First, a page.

UNITED NATIONS — The United Nations hopes to cut $1 billion off its peacekeeping budget this year as it seeks to close or shrink many missions, a top U.N. official said Feb. 8.
With major powers pressing for spending cuts, the East Timor peacekeeping mission is expected to close by the end of 2012 and Haiti, Liberia and possibly Darfur could face reductions, said Herve Ladsous, the head of U.N. peacekeeping.
He told reporters he hopes to cut the department’s budget, which dominates U.N. spending around the world, from $8 billion last year to about $7 billion in 2012.
“There are a number of missions that have gone through the critical stage and probably we will be able to start looking at downsizing,” said the under-secretary general.
There are currently about 120,000 troops from 114 countries serving in 16 U.N. missions around the world.
Numbers in the Haiti mission are already being cut and Ladsous said those in Liberia came down after last year’s elections.
A review of the U.N. mission in Darfur, Sudan started this week and Ladsous said similar studies in other operations would be carried out.
Ladsous also said the U.N. may ban a whole country contingent from a mission if a soldier from that country is found guilty of sexual abuse. He is seeking a new crackdown on abuse after new cases were uncovered in Haiti, he said.
“It is a matter of concluding that in a case of a particular peacekeeping operation, one contingent may not be up to the standards that we would expect of a peacekeeping contributing state,” Ladsous told reporters.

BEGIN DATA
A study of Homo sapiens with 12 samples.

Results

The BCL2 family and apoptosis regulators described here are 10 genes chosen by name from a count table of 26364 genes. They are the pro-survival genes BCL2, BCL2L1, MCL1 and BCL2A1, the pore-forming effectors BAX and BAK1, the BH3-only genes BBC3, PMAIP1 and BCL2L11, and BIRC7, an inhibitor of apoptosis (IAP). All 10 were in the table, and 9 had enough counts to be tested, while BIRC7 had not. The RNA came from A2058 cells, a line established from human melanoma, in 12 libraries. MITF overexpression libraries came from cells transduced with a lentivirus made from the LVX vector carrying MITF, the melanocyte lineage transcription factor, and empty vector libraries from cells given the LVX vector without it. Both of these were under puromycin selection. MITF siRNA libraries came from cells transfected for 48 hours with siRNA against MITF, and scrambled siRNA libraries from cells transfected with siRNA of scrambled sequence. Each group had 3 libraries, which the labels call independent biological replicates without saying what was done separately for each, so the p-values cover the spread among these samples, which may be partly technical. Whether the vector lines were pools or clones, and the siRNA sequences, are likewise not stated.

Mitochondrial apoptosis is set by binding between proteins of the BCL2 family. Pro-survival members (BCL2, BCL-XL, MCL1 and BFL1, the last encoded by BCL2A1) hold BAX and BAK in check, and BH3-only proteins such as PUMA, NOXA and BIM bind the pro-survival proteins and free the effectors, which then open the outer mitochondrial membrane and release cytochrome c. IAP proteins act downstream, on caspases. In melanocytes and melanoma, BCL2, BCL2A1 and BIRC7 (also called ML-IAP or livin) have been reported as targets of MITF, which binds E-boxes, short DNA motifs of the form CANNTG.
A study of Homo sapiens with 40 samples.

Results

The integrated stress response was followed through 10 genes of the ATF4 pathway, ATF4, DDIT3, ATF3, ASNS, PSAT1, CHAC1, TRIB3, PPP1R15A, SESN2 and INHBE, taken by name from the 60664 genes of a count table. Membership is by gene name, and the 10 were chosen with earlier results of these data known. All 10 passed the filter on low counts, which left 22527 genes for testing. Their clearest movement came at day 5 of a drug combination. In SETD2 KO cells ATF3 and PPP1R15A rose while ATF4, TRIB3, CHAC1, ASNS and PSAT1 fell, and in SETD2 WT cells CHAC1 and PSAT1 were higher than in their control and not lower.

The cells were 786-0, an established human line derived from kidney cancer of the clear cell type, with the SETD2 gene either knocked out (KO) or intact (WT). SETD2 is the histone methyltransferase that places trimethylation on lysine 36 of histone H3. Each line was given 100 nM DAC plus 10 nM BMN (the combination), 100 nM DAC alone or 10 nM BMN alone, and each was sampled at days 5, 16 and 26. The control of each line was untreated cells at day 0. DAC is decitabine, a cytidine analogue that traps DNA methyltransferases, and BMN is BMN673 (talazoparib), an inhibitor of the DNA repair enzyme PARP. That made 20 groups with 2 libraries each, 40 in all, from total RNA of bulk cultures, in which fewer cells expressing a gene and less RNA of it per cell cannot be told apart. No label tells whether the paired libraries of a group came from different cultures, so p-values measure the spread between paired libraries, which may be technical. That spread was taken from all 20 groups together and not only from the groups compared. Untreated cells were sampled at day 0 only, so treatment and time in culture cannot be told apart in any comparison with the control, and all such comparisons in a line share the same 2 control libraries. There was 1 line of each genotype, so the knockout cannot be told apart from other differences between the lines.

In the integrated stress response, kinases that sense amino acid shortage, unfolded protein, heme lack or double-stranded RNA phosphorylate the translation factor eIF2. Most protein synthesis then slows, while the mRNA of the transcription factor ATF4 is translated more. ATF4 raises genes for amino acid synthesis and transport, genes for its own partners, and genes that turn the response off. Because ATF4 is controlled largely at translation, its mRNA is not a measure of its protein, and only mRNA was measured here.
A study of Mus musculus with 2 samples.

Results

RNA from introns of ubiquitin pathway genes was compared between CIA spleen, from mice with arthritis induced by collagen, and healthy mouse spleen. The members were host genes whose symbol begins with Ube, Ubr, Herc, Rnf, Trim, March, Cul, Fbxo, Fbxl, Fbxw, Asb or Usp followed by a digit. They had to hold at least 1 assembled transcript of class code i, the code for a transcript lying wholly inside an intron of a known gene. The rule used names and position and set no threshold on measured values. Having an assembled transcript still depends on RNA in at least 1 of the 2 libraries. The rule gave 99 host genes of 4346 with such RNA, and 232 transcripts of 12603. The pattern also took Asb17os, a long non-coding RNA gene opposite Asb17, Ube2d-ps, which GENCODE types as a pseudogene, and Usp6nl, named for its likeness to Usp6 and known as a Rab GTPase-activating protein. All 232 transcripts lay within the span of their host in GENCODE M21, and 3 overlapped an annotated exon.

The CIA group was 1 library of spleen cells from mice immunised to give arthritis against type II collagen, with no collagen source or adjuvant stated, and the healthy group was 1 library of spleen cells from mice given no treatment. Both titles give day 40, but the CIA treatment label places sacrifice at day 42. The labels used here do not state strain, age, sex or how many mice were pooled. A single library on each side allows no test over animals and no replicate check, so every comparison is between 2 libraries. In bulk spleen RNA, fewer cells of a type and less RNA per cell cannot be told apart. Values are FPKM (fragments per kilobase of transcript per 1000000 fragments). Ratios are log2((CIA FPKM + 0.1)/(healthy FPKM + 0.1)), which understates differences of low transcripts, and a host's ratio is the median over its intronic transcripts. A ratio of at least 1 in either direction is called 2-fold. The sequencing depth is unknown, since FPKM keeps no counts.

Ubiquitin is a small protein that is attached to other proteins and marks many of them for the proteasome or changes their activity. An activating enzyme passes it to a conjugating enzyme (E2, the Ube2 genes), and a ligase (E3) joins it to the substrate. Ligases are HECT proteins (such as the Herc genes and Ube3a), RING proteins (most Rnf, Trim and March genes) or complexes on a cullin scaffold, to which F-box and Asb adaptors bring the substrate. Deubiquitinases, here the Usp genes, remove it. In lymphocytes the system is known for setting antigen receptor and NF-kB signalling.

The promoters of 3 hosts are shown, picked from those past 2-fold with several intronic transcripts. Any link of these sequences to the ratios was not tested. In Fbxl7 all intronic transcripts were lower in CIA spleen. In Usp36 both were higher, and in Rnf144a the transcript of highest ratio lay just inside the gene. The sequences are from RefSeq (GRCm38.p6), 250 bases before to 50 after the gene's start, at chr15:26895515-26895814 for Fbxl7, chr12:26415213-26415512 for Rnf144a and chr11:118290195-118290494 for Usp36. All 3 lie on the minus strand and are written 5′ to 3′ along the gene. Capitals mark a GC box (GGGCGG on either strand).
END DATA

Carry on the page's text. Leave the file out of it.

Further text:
He said no decision had been made yet and no country would be completely banned from U.N. missions, as other officials have indicated.
The United Nations ordered a “zero tolerance” clampdown after sex abuse cases involving U.N. troops and police in Haiti, Democratic Republic of Congo and other nations.
“We are presently developing a policy which will go further, much further,” Ladsous said.
He said the sex abuse cases “contaminate” the image of U.N. peacekeeping and that once the accused troops or police have faced criminal actions the U.N. can send them “packing.”
Last year six Uruguayan troops in the Haiti mission, MINU.S.TAH, were accused of raping a Haitian teenaged boy. Last month investigations were started into what the U.N. called “grave allegations of sexual and exploitation abuses” involving U.N. police in Haiti. U.N. peacekeepers in Democratic Republic of Congo, Liberia and Ivory Coast have also faced dozens of accusations of sexual abuse in recent years.
The U.N. peacekeeping department insists numbers have been cut in recent years because of its “zero tolerance” efforts.